Published on July 22nd, 2013 | by Allan Brown2
Famous Directors Who Never Won An Oscar
This year most people consider the battle for the Best Directing Oscar to be a straight out fight between Steven Spielberg for “Lincoln”, David O’Russell for “Silver Linings Playbook” and Ang Lee for “Life of Pi”. Over the Oscars history many great directors have won this accolade but plenty have also had the honour pass them by. Here are a few of the most famous directors to never receive an Oscar for Directing.
Although Hitchcock was nominated five times for Best Director (Rebecca, Lifeboat, Spellbound, Rear Window and Psycho) he never won the award. Although Rebecca did win the Oscar for Best Picture this award was picked up by the producer David O. Selznick so Hitchcock is often seen as the most famed and celebrated director to never get an Oscar nod. However in 1968 the Academy did award Hitchcock the Irving G. Thalberg Memorial Award (an irregular award given to ‘consistent high – quality’ film producers). Famously when Hitchcock picked up the award, his acceptance speech was two words ‘thank you’ – whether this was a dignified speech to mock the usual bubbling speeches or a disgruntled reaction to the fact he never received the directing award is unknown.
Kubrick has been nominated four times for the directing Oscar – for Dr. Strangelove, 2001: A Space Odyssey, A Clockwork Orange and Barry Lyndon but he never won. However his films have won many Oscars in other categories and he did get to collect the Oscar won by 2001 A Space Odyssey for Best Visual Effects himself. The fact that Kubrick’s iconic films so often top best film and director polls across the media show that this his exclusion from the ranks of Best Director award holders is one of the Academy’s biggest mistakes, especially when considering the films it lost out to such as My Fair Lady and One Flew Over the Cuckoo’s Nest, which are well respected but not really on a par in terms of Kubrick’s directorial skills, and neither George Cukor or Milos Forman have made a directorial impact elsewhere.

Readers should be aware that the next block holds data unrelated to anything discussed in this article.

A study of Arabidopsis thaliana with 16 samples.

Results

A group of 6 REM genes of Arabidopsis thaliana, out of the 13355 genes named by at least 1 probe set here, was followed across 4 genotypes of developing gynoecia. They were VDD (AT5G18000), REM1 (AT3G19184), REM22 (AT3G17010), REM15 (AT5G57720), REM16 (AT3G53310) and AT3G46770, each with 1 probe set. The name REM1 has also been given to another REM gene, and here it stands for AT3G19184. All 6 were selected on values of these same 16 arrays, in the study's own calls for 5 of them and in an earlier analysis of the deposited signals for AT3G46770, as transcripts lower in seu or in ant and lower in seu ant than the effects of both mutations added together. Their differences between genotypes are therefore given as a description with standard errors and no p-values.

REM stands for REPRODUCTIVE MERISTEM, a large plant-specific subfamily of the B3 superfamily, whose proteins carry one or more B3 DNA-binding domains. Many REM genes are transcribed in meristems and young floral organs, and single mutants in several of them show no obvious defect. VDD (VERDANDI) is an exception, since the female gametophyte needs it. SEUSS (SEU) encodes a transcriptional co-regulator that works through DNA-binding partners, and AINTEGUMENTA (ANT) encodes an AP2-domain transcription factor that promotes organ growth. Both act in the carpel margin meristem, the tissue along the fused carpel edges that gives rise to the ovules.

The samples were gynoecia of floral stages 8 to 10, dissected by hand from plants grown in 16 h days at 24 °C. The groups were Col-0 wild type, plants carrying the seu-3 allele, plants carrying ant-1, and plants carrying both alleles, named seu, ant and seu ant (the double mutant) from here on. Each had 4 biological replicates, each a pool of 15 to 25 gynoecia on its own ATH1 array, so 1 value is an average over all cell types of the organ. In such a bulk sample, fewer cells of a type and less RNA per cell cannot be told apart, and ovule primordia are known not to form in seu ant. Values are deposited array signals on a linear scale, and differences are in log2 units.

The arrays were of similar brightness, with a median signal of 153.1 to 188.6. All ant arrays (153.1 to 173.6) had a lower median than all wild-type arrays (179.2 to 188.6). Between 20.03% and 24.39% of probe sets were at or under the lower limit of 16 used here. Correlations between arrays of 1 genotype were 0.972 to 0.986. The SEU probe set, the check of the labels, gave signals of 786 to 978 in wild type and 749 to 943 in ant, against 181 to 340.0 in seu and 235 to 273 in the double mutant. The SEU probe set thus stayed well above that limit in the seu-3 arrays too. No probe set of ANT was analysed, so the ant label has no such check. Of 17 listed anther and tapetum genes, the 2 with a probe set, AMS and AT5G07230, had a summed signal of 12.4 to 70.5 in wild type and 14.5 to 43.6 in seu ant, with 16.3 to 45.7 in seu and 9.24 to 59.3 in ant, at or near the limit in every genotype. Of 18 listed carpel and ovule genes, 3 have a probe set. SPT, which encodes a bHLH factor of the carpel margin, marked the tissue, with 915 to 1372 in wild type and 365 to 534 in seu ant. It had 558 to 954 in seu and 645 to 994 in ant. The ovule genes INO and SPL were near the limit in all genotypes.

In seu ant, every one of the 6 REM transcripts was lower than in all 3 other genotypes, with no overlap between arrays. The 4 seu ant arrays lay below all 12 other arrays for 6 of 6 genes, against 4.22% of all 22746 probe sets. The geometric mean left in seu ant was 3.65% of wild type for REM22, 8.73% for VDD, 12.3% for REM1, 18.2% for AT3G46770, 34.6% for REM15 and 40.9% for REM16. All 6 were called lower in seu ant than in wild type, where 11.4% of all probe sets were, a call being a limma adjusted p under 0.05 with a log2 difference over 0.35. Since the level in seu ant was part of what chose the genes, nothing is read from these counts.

As with Hitchcock, Altman also received 5 nominations for his directorial work. MASH, Nashville, The Player, Short Cuts and Gosford Park are the five films that he got the nominations for but he was repeatedly denied the win. However like Hitchcock the Academy did honour his work with one of their separate ‘honorary’ awards just before his death in 2006 for a ‘career that has repeatedly reinvented the art form and inspired filmmakers and audiences alike’. Altman had a renowned reputation for publicly bad-mouthing Hollywood and the studios so the cynical among us may believe this is why he was never recognised with the best director award.
Leone is even more notable than the other directors on our list as not only did he never receive an Oscar for direction he didn’t even once get a nomination despite producing such classic Spaghetti Westerns like the trilogy of A Fistful of Dollars, For a Few Dollars More and The Good, the Bad and the Ugly. The lack of any nominations for his films which are absolute classics and an integral part of cinemas genre history is much more shocking when other filmmakers have simply missed out at the final ballot stage whereas Leone didn’t even get to hear the starting pistol fire.
It seems that the Academy have often decided to issue ‘Honorary’ awards for great directors (and actors) that never received an Oscar during their screen career, although this is not a necessary requirement to receive this award. Directors that have received this award but missed out on Best Direction awards or even nominations have included Sidney Lumet (who received 4 nominations), Akira Kurosawa (1 nom), Federico Fellini (4 noms), King Vidor (5 noms), Howard Hawks (1 nom) and Orson Welles (1 nom).
There are also a number of younger directors still making plenty of films that have yet to get a best directing award – Ridley Scott has been nominated 3 times (Thelma and Louise, Gladiator and Black Hawk Down), Terrence Malick has been nominated 2 times (Tree of Life, The Thin Red Line, Paul Thomas Anderson has been nominated once (There Will Be Blood) and Tim Burton has never received a directing nomination.
Have I missed out any other directors you think should have received Oscars for their directorial work?